By creating laboratory systems that can accurately model all kinds of normal and diseased human cells, tissues, and even organs, advances in stem cell culturing techniques could open the way for a "new era of human cell biology," Lawrence Goldstein, chair of the ASCB Stem Cell Task Force, told the National Institute for General Medical Sciences (NIGMS) Advisory Council meeting on the NIH campus in Bethesda, MD, Friday. "There are tremendous opportunities using stem cell technologies... to advance our understanding of basic biological principles," Goldstein of the University of California, San Diego, told the NIGMS council when presenting the task force's recommendations. "There are some programmatic goals we think will help us get there," he said.
The Stem Cell Task Force was organized by ASCB to determine the next scientific steps in the stem cell revolution. The task force's report, posted for comment last November, urged NIGMS and other research funders to accelerate research into basic cell and developmental mechanisms, to integrate findings from both human and non-human model systems, and to teach people how to work with human stem cells in culture. "They are a little cranky, I can tell you from experience," said Goldstein.
"Where [the task force] sees the most important opportunities are in basic stem cell science ultimately translating to humans and human disease," Goldstein told the NIGMS council.
Goldstein likened the stem cells today to plastics in the 1960s and to recombinant DNA in the early 1980s. In the movie, The Graduate, the hero was given career advice to go into plastics, which at the time was very sensible advice, Goldstein said. "We're at the dawn of the era of what I could call biological 'plastics.' Our ability to work with cells gives us the possibility of beginning to design organs and tissues and implant them into humans to rescue [them] from diseases," he said. Moreover it's hard to predict the course of scientific revolutions. Goldstein pointed out that recombinant DNA did revolutionize research biology but "none of us was bright enough to imagine that recombinant DNA would move into courtrooms," he said, and become a basic tool for policemen and lawyers.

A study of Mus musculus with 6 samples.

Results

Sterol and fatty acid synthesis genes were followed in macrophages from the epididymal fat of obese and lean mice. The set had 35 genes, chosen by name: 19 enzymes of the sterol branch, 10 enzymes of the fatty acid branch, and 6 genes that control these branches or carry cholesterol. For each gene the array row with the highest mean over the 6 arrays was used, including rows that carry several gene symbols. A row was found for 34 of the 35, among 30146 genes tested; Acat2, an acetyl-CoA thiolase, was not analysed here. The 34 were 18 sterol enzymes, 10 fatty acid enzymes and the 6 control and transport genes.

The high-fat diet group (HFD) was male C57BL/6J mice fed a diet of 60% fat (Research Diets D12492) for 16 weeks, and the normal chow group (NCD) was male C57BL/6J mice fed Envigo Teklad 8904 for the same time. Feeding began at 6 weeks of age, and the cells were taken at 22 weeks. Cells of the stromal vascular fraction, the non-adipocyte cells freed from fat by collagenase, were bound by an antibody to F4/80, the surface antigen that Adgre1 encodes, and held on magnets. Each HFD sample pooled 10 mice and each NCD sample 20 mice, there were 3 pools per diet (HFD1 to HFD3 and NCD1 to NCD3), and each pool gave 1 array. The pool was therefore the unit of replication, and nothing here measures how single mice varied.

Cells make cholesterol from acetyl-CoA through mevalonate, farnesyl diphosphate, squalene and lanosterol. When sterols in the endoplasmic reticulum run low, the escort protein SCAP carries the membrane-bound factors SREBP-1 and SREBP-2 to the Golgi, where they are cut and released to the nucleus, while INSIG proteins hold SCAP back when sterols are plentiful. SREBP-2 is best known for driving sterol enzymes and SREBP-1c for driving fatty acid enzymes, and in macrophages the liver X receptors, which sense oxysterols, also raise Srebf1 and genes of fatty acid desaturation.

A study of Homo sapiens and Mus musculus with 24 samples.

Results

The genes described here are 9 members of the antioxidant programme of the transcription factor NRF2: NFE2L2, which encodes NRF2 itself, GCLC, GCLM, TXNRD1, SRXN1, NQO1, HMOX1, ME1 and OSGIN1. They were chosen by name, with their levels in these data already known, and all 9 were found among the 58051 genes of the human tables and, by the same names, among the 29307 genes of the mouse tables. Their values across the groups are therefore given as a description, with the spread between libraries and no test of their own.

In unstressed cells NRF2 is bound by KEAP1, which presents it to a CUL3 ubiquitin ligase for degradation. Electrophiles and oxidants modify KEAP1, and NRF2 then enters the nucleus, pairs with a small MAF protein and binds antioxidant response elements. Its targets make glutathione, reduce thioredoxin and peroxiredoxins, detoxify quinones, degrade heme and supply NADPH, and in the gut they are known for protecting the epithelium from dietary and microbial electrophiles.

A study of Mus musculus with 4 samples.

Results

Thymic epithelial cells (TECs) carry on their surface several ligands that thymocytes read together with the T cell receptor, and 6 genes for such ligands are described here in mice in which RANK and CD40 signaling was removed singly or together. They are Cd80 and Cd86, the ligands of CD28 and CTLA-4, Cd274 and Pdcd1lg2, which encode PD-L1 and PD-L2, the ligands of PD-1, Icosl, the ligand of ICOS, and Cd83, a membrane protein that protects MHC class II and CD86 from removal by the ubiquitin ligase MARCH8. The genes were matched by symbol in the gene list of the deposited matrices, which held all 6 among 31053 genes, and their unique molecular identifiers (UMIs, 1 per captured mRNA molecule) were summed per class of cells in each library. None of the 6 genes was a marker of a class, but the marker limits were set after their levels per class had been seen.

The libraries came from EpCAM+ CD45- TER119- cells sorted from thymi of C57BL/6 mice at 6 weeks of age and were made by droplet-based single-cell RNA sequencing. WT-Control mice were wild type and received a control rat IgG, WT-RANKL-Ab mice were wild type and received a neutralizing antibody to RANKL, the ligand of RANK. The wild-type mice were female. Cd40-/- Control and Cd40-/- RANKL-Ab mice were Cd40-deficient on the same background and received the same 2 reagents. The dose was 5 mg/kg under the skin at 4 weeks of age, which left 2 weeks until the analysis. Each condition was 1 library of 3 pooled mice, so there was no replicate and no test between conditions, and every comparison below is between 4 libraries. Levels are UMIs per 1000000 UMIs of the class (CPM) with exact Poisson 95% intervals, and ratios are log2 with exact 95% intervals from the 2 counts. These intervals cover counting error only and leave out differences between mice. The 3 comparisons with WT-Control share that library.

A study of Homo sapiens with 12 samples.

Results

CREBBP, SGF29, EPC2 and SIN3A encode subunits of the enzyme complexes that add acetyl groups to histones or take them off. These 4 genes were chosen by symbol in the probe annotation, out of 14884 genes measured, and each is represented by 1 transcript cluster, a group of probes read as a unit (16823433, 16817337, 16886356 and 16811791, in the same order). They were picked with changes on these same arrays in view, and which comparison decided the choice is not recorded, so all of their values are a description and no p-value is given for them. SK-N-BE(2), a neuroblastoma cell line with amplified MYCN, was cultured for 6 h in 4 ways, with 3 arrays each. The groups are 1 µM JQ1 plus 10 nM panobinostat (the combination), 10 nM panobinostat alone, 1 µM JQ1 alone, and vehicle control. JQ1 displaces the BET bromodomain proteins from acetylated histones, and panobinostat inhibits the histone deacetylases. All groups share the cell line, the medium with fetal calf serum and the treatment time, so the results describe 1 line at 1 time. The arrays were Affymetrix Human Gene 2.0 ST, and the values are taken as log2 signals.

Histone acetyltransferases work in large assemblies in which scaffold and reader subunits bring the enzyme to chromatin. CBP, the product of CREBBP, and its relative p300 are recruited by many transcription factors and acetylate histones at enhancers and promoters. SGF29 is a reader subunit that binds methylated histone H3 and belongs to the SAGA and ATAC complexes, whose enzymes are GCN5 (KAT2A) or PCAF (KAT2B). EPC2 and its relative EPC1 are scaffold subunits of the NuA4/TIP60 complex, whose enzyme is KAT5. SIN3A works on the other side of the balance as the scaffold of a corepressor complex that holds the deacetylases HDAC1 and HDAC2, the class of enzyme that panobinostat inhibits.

Goldstein began his career as a fruit fly geneticist but now is building a cultured human stem cell system using induced pluripotent stem cells (HiPSc) to model human Alzheimer's disease. "Unfortunately animals don't actually develop the disease," he said. "Most of what happens when disease initiates... still isn't understood." By comparing reprogrammed stem cells cultured as neurons from human patients with either familial or sporadic Alzheimer's disease against neuron cells cultured from "wild type" patient controls, his lab is trying to unravel the complex relationships between genes, growth factors, and pathways of the actual human disease.
"We have cured Alzheimer's disease in the mouse many, many times, and frankly, we don't care," Goldstein declared. "But we'd like to develop drugs that actually affect true human situations."
To illustrate, Goldstein described how his lab used reprogrammed stem cells that differentiated into neurons in a dish to conduct a small-scale drug screen. "A number of [proteins called] kinases we didn't expect were involved [in Alzheimer's] showed up in this screen," he said, indicating that there is much more to learn about how the disease works. As genomic screening becomes faster and cheaper, we are finding much more variation in the human genome, Goldstein explained, and stem cell model systems would allow researchers to explore the question of what is the human "wild type" while also honing drug treatments. Goldstein said that his human stem cell model systems have already identified small changes in mutation patterns that yield big increases in the mechanisms that promote or slow Alzheimer's progression. Human stem cell model systems can recreate actual human phenotypes across a range of variations in genomes, thus vastly speeding up the screening of new drugs, he said.
But Goldstein cautioned, "Don't forget about the [non-human] model organisms in the rush to promote the human system. We need both working together." From fly, worm, and mouse, there is still much to learn, he believes. "If [we] develop in a human system the same kinds of tools we've had for many years in model organisms; shared cell lines, methods development, training, and the like, it would be a very powerful system," Goldstein said. With cultured human stem cell model systems, scientists "can develop very strong insights into both basic molecular mechanisms but also... human disease."